Sister Ann Case, Order of the Community of the Paraclete, has been a member of Holy Trinity since 1972. She currently serves as a calicifer, and in the Fall of 2013 will co-mentor an Education for Ministry (EfM) group and be part of an on-going conversation on Adult Christian Education at Holy Trinity. Her vestments are distinctive – a bright red scapular over a white hooded alb.
About becoming a Paracletian, Ann says: “I discovered this group online (www.theparacletians.org ). The first thing that attracted me was a statement of their vision. In part this reads, ‘The Paracletian Community: values every person as a unique image of God; welcomes diversity; listens; communicates openly and honestly; encourages all members to participate fully as partners.’ They welcome inquiries from male and female, young and old, married, partnered or single, straight or gay persons.”
The current mission of the Community is “to represent Christ and his Church as members of a supportive Christian fellowship; to bear witness to the Holy Spirit; and to exercise our diverse gifts for ministry in the work of reconciliation, especially among the poor. We seek to deepen our relationships with God and others through life in a Christian community and to discern God’s will for us as uniquely gifted individuals. The Community emphasizes active participation in Community and parish life.”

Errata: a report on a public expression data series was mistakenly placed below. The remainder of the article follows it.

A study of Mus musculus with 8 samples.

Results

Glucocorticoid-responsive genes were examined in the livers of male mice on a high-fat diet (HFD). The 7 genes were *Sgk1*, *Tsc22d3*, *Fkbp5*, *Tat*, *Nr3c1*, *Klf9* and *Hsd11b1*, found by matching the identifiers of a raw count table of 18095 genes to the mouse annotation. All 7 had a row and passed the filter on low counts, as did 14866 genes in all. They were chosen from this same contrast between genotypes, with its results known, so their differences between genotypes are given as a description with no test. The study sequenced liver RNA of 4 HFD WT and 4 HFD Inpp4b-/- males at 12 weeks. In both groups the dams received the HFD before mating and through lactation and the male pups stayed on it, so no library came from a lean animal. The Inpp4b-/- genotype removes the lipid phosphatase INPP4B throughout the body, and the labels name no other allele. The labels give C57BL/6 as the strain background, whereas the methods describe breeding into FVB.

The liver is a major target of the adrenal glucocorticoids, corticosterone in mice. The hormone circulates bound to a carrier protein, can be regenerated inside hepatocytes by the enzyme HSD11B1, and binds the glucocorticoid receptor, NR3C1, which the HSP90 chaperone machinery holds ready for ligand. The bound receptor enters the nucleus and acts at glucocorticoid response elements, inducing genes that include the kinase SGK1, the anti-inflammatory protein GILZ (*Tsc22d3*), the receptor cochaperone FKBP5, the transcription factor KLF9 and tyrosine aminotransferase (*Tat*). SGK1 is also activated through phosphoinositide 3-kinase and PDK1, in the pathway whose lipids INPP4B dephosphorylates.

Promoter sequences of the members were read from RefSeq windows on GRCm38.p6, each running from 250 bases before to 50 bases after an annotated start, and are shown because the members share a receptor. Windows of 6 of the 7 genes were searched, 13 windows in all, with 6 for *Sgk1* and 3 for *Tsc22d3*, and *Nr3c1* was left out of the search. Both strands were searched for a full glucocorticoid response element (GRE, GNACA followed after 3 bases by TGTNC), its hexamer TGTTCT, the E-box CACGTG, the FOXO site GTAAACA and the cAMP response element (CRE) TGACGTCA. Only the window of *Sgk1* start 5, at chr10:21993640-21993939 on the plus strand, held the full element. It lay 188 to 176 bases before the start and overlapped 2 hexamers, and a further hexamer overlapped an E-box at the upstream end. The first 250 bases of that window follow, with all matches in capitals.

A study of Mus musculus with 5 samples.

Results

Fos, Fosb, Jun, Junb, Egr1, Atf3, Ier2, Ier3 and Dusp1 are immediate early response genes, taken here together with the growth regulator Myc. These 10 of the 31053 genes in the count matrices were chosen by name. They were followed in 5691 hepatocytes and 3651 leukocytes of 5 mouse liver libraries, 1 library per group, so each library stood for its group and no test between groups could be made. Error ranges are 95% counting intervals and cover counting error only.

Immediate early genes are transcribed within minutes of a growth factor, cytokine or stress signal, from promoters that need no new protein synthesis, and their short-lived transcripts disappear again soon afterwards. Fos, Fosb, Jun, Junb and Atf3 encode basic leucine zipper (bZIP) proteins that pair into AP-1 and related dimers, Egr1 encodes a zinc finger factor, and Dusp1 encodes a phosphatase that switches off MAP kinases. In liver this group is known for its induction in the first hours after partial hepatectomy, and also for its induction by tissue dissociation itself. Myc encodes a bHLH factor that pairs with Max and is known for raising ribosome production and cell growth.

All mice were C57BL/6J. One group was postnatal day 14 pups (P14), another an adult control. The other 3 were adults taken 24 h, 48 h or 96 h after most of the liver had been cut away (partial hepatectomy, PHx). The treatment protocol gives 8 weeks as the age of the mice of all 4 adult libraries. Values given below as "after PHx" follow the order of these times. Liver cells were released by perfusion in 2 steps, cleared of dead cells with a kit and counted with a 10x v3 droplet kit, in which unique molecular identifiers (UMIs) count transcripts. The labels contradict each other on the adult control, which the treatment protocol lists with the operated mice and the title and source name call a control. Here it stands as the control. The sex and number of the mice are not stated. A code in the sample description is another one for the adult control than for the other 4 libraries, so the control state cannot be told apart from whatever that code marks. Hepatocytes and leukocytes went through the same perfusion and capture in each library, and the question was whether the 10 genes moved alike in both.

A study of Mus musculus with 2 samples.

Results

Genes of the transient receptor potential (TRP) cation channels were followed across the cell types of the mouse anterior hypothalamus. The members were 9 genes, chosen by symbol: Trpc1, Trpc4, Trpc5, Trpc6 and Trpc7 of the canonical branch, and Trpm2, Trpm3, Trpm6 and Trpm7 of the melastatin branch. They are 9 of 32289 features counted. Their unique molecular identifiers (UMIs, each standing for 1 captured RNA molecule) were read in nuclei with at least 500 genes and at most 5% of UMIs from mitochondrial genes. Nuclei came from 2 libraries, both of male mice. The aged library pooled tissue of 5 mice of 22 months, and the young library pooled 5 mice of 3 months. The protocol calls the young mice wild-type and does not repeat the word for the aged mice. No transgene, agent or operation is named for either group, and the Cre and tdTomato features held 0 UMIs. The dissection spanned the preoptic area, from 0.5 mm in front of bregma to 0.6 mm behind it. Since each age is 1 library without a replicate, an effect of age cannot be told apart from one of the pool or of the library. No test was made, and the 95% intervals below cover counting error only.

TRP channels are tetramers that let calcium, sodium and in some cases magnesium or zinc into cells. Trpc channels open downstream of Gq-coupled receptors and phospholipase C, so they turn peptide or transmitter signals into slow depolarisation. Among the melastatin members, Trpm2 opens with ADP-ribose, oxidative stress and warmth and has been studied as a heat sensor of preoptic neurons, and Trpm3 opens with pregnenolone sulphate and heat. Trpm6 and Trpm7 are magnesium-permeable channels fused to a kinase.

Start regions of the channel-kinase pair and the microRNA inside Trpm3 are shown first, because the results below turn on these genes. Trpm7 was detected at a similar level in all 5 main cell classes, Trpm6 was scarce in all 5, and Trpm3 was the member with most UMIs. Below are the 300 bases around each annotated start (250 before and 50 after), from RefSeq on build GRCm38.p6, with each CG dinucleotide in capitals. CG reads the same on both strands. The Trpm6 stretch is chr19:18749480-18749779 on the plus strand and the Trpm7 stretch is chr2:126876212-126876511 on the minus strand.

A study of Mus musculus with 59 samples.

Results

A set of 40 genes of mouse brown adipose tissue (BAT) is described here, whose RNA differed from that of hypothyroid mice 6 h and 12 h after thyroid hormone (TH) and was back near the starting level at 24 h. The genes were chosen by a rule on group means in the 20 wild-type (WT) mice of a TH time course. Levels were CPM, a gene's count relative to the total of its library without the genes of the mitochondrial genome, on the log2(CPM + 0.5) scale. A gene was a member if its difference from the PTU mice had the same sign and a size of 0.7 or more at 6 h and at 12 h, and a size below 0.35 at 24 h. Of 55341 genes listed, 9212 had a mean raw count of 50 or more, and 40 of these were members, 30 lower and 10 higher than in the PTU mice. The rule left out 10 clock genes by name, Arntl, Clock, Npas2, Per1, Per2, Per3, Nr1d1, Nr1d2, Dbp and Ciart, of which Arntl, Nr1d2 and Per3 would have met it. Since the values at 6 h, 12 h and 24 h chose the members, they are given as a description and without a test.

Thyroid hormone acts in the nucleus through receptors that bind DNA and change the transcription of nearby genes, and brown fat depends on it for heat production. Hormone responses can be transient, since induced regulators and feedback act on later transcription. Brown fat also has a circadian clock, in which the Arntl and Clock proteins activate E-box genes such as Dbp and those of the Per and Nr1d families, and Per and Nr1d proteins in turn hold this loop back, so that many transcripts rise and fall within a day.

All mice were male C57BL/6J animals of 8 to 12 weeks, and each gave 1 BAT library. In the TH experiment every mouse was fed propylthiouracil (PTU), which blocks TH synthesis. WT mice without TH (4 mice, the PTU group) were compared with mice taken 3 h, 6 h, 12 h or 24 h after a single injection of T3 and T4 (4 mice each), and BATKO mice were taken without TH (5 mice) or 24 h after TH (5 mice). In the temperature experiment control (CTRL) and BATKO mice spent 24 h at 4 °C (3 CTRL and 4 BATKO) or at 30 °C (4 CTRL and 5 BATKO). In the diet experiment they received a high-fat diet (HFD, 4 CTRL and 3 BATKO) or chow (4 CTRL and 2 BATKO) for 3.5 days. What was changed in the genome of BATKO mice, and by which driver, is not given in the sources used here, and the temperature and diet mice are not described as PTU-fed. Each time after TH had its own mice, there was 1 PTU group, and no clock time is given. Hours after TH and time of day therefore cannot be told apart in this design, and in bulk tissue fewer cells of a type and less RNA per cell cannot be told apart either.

In December, 2005, Ann applied to be a Friend of the Order. In June of 2009 she took her first yearly vows as a full member of the Order. She discovered that her history with the Education for Ministry (EfM) program here at Holy Trinity helped considerably in this process.
Reading, study, reflection, and discernment will continue throughout her career as a sister.
At the 2013 annual meeting in Yakima, Washington, she took life vows with the Community.
“It was not until after I became a member of the Community that something I had said more than once many years ago came back into my mind. I have, in the past, often wished that Holy Trinity had a ‘habited praying presence’ in their midst – and I said it in just those words. Suddenly I realize we do – and I’m it! I had envisioned someone wafting around, ethereal and wan, in the traditional black habit. I never dreamed it would be me – not wafting, not ethereal, and not wan – just me.
At Holy Trinity I am currently the only habited religious. If I do nothing else as a religious, I am proof that the Episcopal Church has religious orders and communities, and a life as a religious is a possibility within the Episcopal Church. I am a walking … red … billboard for religious life.
Being a Paracletian, wearing the habit, is special and not special, extraordinary and ordinary, unexpected and totally daily. Holy Trinity has been supportive of this journey from the beginning and I am so grateful that I can be ‘Sister Ann’ within this congregation.”